There is a distinctly autumnal feel since moving into September and the anticipation of swimming outdoors in colder water is here. If you plan to swim in the sea, loch, lake or river through autumn and winter, here are 8 tips to help you prepare for the exciting season of cold water swimming ahead.
1. There's no time like the present
Water temperatures are still relatively warm in September. Sea temperatures in particular are often at their warmest in the UK. If you are thinking about 'taking the plunge' and trying wild swimming for the first time, this is a great time to start. More information about starting outdoor swimming can be found in our blog post Getting started with wild swimming
2. Just keep swimming
If you have already been swimming through the Summer, the best strategy would be to keep swimming regularly as the water gets cooler to allow your body to acclimatise. Observe how you feel in the changing temperatures and how your body reacts to each swim and make adjustments accordingly.
3. Reduce your time in the water
Autumn and winter swimming are more about dips and not distance. The benefit of winter swimming is the endorphin rush which happens after a matter of minutes in the water, therefore prolonging your time in the water to get that extra buzz is unnecessary and can be dangerous.
4. Prepare for cold water shock
Cold water shock can happen at any time of year in the UK. It is the response of your body within the first 30 seconds to 2 minutes of entering colder water causing you to take a large intake of breath and increase your breathing rate. Enter the water slowly and control your breathing before starting to swim.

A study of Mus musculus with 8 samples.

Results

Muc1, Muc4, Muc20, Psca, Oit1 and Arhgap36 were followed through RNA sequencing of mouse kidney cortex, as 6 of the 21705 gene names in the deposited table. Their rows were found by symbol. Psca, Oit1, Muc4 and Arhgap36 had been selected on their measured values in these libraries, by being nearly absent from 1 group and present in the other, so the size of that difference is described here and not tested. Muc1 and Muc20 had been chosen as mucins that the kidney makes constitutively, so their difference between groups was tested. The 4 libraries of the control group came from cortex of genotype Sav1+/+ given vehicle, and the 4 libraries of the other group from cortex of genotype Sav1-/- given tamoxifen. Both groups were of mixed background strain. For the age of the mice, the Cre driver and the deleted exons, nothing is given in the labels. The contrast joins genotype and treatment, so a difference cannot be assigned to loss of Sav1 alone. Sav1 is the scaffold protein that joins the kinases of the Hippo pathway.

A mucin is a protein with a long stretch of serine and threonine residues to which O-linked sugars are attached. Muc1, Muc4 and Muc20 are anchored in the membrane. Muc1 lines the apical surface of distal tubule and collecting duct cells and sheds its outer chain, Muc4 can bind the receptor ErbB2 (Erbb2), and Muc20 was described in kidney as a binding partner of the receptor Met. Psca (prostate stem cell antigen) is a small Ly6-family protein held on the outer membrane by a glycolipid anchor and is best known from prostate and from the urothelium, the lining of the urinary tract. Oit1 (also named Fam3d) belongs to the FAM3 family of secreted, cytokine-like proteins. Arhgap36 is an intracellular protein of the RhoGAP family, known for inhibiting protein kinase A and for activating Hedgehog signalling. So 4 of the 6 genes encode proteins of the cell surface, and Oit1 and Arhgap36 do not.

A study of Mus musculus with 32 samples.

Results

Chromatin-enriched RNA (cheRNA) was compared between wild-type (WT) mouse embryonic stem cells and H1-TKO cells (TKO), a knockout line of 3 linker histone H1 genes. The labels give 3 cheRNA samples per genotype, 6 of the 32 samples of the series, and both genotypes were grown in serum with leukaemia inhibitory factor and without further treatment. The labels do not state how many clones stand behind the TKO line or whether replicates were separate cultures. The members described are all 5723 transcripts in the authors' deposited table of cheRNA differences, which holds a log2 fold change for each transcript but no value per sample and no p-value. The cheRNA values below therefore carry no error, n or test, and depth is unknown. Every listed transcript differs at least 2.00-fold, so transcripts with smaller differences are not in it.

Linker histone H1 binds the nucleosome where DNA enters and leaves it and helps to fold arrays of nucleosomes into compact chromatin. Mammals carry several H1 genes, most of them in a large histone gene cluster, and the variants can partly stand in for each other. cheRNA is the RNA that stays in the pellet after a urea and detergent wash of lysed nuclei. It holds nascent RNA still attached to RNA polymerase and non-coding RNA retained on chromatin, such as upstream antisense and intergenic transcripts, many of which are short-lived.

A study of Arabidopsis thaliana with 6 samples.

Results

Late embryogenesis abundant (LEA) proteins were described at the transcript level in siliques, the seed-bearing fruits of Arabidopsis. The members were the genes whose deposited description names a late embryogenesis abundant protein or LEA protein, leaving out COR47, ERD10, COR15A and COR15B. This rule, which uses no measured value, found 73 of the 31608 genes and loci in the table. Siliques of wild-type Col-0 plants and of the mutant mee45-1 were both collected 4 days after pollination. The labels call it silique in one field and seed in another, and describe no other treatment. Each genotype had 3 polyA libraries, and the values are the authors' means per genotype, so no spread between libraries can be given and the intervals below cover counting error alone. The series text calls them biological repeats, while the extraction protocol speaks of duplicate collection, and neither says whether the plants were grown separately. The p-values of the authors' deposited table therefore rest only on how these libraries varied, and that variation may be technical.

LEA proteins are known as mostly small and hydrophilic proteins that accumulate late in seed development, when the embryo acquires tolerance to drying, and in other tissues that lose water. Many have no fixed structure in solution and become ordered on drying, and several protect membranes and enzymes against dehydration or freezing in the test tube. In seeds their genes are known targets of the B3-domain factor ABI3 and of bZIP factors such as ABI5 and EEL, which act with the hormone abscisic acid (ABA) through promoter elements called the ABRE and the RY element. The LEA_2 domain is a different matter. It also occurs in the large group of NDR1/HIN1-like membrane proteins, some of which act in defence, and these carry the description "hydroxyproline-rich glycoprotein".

5. Know how to spot the signs of hypothermia
Hypothermia is the lowering of the body's core temperature below 35 degrees. Hypothermia can catch swimmers out making it more important than ever to swim with other people and keep an eye on each other. The 'Umbles' is a good way to remember what to look out for.
- Mumbles - slurred speech
- Fumbles - loss of fine motor control making it hard to put on clothing
- Stumbles - uncoordinated, difficulty walking
- Grumbles - complaining more than usual
- Crumbles - collapse
For further reading about cold water shock and hypothermia, there is an excellent blog by Straight Line Swimming and Dr Heather Massey
6. Plan your kit
There is a mind boggling array of gear that people invest in for outdoor swimming but it is important to remember that everyone is different and what works well for one swimmer, may not be so suitable for you. It is quite common for swimmers to wear wetsuits in the summer (for longer swims) and go 'skins' in the winter with only a swimsuit or trunks as it is too much faff getting into and out of a wetsuit for a short swim. You can start with relatively basic items before getting kit suitable for your requirements.
The basic kit for swimming outdoorsSwimming costume
Lots of warm layers
Warm coat or changing robe
Warm bobble hat or beanie
Flask with warm drink
For further reading take a look at Outdoor Swimming Kit for Autumn Winter
7. Practice getting changed as fast as humanly possible
Getting changed after a swim in the summer months can be a reasonably leisurely activity as the sun does it's work to warm you, whereas with colder outdoor temperatures, it is important to prioritise getting dry and dressed as speedily as you can. You will probably feel glowing and amazing after getting out of the water, but don't be fooled as your temperature will continue to fall after you have left the water.
8. It isn't a competition
Everyone is individual with regards to how long they can swim for in cold water. The length of time a person can spend in the water can depend on so many factors. Don't feel pressured into spending longer in the water because everybody else in the group is staying in.
Most importantly enjoy it. Happy Swimming!